Norman Goodman, a distinguished professor at Stony Brook University and considered one of its "founding generation" of faculty, was remembered for his dedication to students and the university over his storied 56-year career there.
Goodman, who taught in and chaired the Department of Sociology, died peacefully June 25 at his Stony Brook home, said his daughter Sue Goodman of Manhattan. He was 88.
Norman Goodman was highly regarded for a career at the university that began in 1964, just seven years after its founding. Colleagues praised him for how he worked with students, how he engaged with other faculty and administration officials, and for his academic work in sociology.
"I would describe Norm as one of the giants of the original faculty that made Stony Brook into the flagship university that it is today," Nancy Tomes, a SUNY distinguished professor of history at Stony Brook, said in an interview with Newsday. Her tenure at the university began in 1978.
Goodman also was the author, editor or co-editor of 10 books, including four textbooks in Introductory Sociology and two textbooks in Marriage and the Family, a university obituary noted.
He chaired the university's Department of Sociology for 20 years in two stints — from 1973 to 1989, and again from 2000 to 2004 — and was instrumental in the department's development, university officials said.
He also was the first professor in the State University of New York system to be awarded two distinguished professorships — one for service and one for teaching, according to the university's obituary.
"He loved it," Sue Goodman said of her father's feelings for the university. "And he loved teaching. He loved giving knowledge to students."
Norman Goodman was active in university governance as well. He served as president of the Arts and Sciences Senate, and twice as president and three terms as vice president of the University Faculty Senate. He also edited the SUNY University Senate Bulletin for more than 20 years and served on the SUNY Distinguished Academy Board from its inception until his retirement last year, Stony Brook officials said.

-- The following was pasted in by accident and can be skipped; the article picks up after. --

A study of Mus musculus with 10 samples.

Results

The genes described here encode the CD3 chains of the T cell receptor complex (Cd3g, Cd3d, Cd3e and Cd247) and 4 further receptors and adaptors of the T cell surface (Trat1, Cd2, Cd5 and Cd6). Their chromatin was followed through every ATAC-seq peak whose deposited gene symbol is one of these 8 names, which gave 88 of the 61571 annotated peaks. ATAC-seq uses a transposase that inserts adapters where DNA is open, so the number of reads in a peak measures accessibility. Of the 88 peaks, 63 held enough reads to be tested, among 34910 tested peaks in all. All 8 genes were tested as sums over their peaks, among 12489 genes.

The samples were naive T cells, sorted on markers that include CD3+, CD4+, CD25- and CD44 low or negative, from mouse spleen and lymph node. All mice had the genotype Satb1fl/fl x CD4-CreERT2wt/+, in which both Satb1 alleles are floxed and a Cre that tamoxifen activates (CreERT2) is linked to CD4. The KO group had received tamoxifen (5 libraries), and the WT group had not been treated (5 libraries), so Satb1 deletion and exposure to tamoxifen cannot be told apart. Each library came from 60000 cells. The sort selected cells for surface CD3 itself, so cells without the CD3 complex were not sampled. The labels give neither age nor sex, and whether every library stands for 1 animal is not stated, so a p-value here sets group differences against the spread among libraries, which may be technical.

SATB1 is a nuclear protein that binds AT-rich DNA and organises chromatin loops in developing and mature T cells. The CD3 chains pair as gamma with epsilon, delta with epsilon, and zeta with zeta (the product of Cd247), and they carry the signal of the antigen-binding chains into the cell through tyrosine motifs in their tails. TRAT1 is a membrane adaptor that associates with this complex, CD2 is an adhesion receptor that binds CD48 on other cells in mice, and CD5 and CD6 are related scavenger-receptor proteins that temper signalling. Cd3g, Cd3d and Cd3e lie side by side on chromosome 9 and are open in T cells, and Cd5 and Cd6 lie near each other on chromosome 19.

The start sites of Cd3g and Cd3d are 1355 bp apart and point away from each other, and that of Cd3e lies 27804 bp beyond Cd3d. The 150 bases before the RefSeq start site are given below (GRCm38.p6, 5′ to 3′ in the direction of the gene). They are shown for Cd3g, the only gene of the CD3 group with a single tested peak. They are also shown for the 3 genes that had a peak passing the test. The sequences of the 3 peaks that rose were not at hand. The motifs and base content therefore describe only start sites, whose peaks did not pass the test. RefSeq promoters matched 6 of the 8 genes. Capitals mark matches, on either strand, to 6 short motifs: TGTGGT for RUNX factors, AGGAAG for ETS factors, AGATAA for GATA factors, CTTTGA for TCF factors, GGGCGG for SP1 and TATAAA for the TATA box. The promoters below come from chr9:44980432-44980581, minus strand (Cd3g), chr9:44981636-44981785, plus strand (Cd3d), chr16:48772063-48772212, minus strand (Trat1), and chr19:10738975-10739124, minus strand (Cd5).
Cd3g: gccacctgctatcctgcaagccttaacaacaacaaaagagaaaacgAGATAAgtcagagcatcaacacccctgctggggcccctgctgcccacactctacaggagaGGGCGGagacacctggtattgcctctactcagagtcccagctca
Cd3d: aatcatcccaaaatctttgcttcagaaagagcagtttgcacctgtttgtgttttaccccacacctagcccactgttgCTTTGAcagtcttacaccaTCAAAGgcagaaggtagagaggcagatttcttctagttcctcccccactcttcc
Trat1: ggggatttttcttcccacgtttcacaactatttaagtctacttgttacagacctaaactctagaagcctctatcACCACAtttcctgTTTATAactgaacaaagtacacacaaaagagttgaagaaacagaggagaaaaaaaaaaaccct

Sue Goodman said her father "helped shaped the university." When he arrived at Stony Brook, she said, the campus was bleak, "just mud and shacks. He helped build it to what it is. He helped guide it. It was his second wife, as my mom used to say."
Tomes, immediate past president of the University Senate, said he "remained a powerful influence" over many years.
"I just came to appreciate the time and effort he put into the life of the whole university," she said. "There’s always that temptation to get involved in your research or your teaching, but not much else. Norm wasn’t like that.
"He kept reminding us: Yes, we're there to do research and teach, but also we need to step up and do committee work, things you don’t get a lot of credit for in the promotion process. ... He was one of the reasons I could see for staying and trying to become that kind of leader myself."
Tomes added: "He was really special. I’m glad that he flourished as long as he did ... and I’m really sad to see him go."
Sue Goodman said her father was born on the Lower East Side of Manhattan and graduated from Stuyvesant High School. He received a bachelor's degree from Brooklyn College and a master's from Queens College, she said. Stony Brook notes Norman Goodman received his PhD from New York University in 1963.
In addition to his daughter, Goodman's survivors include his wife of 67 years, Marilyn; a son, Jack Goodman of Port Washington; another daughter, Carolyn Goodman of Mineola; brothers Barry Goodman of East Islip and Harvey Goodman of Holly Springs, North Carolina; sister Elaine Sabra of Florida; and two grandchildren.
Services were held on June 29 at Shalom Memorial Chapels in Smithtown.